Mar. 14 2021, Updated 1:57 p.m. ET


George Heckler, 64, of Charleston, South Carolina, pleaded guilty before U.S. District Judge Madeline Cox Arleo to one count of securities fraud on March 9.  


Instead, he diverted their funds out of Cassatt and TA1 for “purposes inconsistent with the trading strategies,” including paying out millions of dollars to other investors and using funds to cover losses suffered by other funds under his management control between 2014 to 2018.

During this four-year run, Heckler reportedly heckled investments from a victim, claiming the money would be invested in Cassatt, which employed a “first loss” trading strategy to protect investors from losses.

Cassatt did not have a brokerage account, but Heckler told the victim the firm was still involved in the strategy. 


Heckler reportedly approached another victim about the possibility of creating a hedge fund that would deploy capital to first-loss traders, who would serve as the “first loss” protection for investors’ capital in 2015.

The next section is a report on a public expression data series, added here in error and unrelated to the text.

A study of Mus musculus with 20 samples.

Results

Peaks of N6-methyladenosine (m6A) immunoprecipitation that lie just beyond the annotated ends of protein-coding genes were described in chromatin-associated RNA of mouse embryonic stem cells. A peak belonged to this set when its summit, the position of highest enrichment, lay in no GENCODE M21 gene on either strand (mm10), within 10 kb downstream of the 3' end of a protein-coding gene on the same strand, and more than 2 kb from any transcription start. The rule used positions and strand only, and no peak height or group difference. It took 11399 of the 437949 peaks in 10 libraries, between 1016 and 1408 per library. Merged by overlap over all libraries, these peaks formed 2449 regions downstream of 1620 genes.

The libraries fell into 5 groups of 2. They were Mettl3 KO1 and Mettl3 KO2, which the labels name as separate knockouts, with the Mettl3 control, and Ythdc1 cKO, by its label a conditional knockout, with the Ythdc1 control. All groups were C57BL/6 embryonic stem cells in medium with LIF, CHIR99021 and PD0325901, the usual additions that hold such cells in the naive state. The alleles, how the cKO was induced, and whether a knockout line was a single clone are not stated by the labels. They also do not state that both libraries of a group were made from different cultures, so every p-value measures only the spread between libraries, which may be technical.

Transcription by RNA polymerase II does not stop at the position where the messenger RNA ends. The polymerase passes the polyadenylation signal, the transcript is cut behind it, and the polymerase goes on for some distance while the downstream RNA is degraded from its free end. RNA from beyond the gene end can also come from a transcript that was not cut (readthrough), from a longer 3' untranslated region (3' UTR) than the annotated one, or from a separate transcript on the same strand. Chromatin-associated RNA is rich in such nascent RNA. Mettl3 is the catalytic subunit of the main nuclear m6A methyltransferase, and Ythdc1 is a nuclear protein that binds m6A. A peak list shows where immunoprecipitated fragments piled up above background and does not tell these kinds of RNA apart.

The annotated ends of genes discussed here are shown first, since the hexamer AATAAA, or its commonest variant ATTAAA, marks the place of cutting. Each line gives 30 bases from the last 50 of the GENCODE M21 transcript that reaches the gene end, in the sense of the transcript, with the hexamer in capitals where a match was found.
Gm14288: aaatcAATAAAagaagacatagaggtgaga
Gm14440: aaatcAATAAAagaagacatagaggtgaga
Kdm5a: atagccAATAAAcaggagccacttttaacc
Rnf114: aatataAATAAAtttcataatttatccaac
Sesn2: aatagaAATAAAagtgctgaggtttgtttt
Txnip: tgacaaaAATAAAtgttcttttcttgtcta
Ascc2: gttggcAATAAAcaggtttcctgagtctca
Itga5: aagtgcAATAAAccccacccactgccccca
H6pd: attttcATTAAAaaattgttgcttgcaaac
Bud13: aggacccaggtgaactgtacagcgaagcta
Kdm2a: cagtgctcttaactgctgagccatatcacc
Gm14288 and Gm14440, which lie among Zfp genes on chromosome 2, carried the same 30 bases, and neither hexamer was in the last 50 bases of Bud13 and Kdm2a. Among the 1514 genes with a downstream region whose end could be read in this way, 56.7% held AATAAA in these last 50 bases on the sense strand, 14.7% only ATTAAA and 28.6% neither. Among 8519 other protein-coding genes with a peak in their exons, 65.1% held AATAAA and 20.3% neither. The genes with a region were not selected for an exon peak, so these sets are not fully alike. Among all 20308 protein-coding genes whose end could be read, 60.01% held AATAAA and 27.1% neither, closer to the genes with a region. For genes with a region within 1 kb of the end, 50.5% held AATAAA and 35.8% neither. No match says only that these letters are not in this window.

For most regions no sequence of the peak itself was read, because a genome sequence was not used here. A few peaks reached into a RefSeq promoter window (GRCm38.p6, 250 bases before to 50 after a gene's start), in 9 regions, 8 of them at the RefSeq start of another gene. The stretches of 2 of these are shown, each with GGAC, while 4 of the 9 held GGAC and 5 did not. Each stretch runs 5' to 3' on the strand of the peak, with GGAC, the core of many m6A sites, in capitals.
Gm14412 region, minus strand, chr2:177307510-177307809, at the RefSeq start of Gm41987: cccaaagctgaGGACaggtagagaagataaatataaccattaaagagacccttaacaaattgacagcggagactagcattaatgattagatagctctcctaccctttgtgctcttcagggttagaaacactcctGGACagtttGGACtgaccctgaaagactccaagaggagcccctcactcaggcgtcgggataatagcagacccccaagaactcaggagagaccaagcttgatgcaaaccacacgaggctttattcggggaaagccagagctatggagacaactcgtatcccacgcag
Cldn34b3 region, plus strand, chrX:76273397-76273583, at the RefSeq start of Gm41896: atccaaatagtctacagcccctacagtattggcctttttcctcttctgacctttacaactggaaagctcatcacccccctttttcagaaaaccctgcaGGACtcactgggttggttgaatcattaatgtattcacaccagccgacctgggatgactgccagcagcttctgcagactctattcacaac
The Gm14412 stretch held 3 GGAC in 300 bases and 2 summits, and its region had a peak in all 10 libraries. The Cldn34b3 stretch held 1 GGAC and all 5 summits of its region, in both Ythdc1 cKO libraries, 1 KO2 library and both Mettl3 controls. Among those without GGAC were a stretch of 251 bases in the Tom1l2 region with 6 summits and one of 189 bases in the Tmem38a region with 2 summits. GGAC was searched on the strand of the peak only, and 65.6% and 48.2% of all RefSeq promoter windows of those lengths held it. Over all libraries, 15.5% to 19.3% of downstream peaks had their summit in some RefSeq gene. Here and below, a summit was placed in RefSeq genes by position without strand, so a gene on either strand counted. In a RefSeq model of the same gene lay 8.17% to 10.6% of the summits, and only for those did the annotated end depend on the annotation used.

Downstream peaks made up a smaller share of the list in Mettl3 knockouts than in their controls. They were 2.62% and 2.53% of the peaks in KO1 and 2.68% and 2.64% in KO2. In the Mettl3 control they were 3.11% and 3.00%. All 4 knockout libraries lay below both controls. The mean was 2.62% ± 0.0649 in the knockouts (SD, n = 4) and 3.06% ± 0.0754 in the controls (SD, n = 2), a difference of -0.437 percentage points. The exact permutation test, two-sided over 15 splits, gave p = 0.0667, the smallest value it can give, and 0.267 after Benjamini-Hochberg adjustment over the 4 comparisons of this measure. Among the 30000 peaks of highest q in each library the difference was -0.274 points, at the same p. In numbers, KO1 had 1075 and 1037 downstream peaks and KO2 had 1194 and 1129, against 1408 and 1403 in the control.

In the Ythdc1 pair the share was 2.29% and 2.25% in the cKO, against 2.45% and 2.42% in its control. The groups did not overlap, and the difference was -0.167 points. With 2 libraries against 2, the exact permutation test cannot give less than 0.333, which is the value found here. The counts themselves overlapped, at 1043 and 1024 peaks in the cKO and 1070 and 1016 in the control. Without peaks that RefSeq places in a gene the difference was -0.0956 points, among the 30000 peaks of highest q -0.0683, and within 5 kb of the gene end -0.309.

That victim reportedly formed a hedge fund, and  invested $10.1 million in a bogus agreement that the investment would be used for an “options arbitrage dividend recapture trade,” otherwise known as the “skate trade.” It turned out, none of this investment was used for the “skate trade,” and authorities determined that the investment was used for other purposes, including repaying others who had previously invested with Heckler.

Officials said Heckler sent out statements to investors that misled them into believing the value of their investments was increasing, when, in fact, the value was declining.

Authorities determined that  Heckler took approximately $1 million in fees and distributions from the fraudulently obtained investments for his personal use. 

Heckler faces a maximum penalty of 20 years in prison and a $5 million fine. Sentencing is scheduled for July.